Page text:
Constitution Daily

Smart conversation from the National Constitution Center


Looking at America’s forgotten War of 1812

June 18, 2019 By NCC Staff

On June 18, 1812, President James Madison signed a resolution, approved in Congress, declaring war against Great Britain. Over the next two and half years, both sides engaged in bitter contests, and the war ended with much unchanged between the two countries.

The origins of the Memorial Day holiday

May 27, 2019 By NCC Staff

For many people, Memorial Day is the symbol of summer’s start. What’s lost to some today is its original meaning - and day.

The Mexican-American war in a nutshell

May 13, 2019 By NCC Staff

Mid-May marks two key anniversaries in the conflict between the United States and Mexico in that set in motion the Civil War—and led to California, Texas, and eight other states joining the Union.

Semper Fi! Happy birthday to the Marine Corps

November 10, 2018 By NCC Staff

It was on this day in 1775 that the Continental Congress officially created the Marines to lead the fight “on land and at sea” for independence from the British.

On this day, FDR approves funding the Manhattan Project

October 9, 2018 By NCC Staff

On this day in 1941, President Franklin D. Roosevelt orders Dr. Vannevar Bush to move forward with a top-secret project that led to the world's first atomic bombs. Over the following four years, the Manhattan Project was shrouded in secrecy, despite more than 100,000 people working on it.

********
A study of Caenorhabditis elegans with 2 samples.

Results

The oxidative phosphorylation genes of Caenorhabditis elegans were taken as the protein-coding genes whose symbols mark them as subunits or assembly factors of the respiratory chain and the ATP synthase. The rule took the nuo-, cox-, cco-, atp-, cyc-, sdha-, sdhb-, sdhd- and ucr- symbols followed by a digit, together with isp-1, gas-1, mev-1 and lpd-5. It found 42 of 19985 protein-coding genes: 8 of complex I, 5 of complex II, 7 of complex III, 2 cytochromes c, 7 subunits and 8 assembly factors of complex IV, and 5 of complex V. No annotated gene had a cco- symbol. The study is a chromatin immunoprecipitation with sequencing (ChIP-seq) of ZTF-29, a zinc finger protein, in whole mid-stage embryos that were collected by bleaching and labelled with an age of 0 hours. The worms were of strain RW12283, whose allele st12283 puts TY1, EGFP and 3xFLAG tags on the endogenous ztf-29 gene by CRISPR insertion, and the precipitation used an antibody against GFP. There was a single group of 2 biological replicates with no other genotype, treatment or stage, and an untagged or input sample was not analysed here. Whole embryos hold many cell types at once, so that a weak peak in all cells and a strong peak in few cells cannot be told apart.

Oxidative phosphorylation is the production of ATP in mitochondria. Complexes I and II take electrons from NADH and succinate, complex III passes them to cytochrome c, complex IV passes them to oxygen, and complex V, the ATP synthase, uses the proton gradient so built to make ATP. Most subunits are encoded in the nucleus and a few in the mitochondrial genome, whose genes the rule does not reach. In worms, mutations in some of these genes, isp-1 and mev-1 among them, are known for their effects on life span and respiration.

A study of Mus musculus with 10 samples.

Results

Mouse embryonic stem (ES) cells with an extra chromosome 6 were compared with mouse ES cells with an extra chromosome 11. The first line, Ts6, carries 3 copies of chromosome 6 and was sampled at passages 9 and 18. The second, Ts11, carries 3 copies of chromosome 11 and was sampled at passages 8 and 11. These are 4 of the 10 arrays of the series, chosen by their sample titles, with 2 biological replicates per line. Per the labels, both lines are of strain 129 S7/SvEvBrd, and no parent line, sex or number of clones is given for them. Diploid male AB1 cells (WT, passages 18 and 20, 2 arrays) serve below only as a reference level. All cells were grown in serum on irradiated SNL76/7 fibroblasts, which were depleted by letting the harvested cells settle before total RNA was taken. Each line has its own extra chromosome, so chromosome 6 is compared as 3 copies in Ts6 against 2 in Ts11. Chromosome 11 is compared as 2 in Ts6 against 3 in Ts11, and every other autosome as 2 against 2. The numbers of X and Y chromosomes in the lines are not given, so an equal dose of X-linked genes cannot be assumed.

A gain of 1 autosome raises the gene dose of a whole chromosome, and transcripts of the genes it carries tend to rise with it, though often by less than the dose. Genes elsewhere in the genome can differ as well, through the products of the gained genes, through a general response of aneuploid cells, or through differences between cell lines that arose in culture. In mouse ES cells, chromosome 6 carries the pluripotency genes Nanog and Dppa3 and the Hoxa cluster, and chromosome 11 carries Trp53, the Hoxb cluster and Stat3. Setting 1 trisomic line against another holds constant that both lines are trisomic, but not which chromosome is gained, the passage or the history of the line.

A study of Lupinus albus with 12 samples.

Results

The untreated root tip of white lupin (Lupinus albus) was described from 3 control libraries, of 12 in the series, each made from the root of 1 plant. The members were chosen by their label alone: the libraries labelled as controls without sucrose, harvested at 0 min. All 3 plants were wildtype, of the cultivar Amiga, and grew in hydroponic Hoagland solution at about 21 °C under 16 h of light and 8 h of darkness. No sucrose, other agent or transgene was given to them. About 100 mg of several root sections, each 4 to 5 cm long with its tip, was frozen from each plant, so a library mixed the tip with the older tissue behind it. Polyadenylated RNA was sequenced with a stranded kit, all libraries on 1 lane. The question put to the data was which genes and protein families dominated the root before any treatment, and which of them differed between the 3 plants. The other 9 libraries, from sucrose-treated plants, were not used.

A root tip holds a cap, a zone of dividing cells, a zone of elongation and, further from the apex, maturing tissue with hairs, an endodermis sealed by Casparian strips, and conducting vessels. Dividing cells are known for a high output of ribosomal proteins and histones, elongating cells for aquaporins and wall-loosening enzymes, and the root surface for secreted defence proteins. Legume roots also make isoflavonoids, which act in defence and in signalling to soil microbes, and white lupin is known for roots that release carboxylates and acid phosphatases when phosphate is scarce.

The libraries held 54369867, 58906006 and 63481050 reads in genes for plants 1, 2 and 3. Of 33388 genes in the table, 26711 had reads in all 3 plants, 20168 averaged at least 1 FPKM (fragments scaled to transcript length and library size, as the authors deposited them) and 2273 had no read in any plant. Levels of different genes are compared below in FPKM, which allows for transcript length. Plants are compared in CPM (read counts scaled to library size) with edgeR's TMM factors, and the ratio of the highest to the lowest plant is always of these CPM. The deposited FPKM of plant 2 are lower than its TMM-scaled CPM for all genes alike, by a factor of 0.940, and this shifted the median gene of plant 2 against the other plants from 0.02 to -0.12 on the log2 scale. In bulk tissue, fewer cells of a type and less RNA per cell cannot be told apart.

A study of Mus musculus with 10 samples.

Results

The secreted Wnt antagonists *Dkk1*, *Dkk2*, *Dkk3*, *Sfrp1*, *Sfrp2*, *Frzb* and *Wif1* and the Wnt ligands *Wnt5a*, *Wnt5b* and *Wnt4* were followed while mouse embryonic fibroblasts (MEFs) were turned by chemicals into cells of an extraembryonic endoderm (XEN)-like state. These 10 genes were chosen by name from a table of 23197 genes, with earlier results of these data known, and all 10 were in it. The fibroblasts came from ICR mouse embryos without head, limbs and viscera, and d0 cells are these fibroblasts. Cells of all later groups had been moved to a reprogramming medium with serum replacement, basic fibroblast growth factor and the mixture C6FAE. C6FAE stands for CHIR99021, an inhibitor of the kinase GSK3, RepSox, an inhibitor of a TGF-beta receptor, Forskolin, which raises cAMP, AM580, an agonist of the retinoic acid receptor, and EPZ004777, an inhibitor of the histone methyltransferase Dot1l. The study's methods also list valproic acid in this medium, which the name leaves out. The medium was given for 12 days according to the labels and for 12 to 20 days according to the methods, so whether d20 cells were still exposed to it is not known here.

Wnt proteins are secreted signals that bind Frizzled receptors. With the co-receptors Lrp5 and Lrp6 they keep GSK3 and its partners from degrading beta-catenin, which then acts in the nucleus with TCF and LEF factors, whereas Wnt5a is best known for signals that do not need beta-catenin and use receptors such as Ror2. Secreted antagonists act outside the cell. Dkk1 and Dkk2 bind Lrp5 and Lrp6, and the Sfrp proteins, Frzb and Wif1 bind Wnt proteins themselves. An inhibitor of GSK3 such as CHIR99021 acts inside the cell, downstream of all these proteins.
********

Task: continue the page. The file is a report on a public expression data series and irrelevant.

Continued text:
Transgender-in-military fight moves up in the courts

December 12, 2017 By Lyle Denniston

Still insisting that the Pentagon will not be ready to accept transgender recruits into the military on January 1, the Trump Administration moved to a higher federal court late on Monday to seek a postponement.

Military soon open to transgender recruits

December 12, 2017 By Lyle Denniston

In three weeks, transgender individuals seeking to enlist in U.S. military forces may start joining up.  The Pentagon made that announcement Monday within hours after a federal judge refused the Trump Administration’s request to put such enlistments on hold.

Marine general seeks release, tests conviction

November 2, 2017 By Lyle Denniston

A Marine Corps general, being held prisoner in his own apartment at the Navy base at Guantanamo Bay after being convicted of contempt of a military court, asked a civilian federal judge in Washington, D.C., on Thursday to order his immediate release.

Guantanamo case turmoil deepens; general in contempt

November 1, 2017 By Lyle Denniston

The war crimes tribunal system at Guantanamo Bay, often troubled throughout its years in operation, became embroiled Wednesday in a high-stakes confrontation between a colonel and a general, with the general getting punished for contempt of the colonel’s court.

Video: Ken Burns and Lynn Novick talk about the Vietnam War

October 13, 2017 By NCC Staff

Filmmakers Ken Burns and Lynn Novick discuss their visceral, immersive documentary on the Vietnam War in a special National Constitution Center event.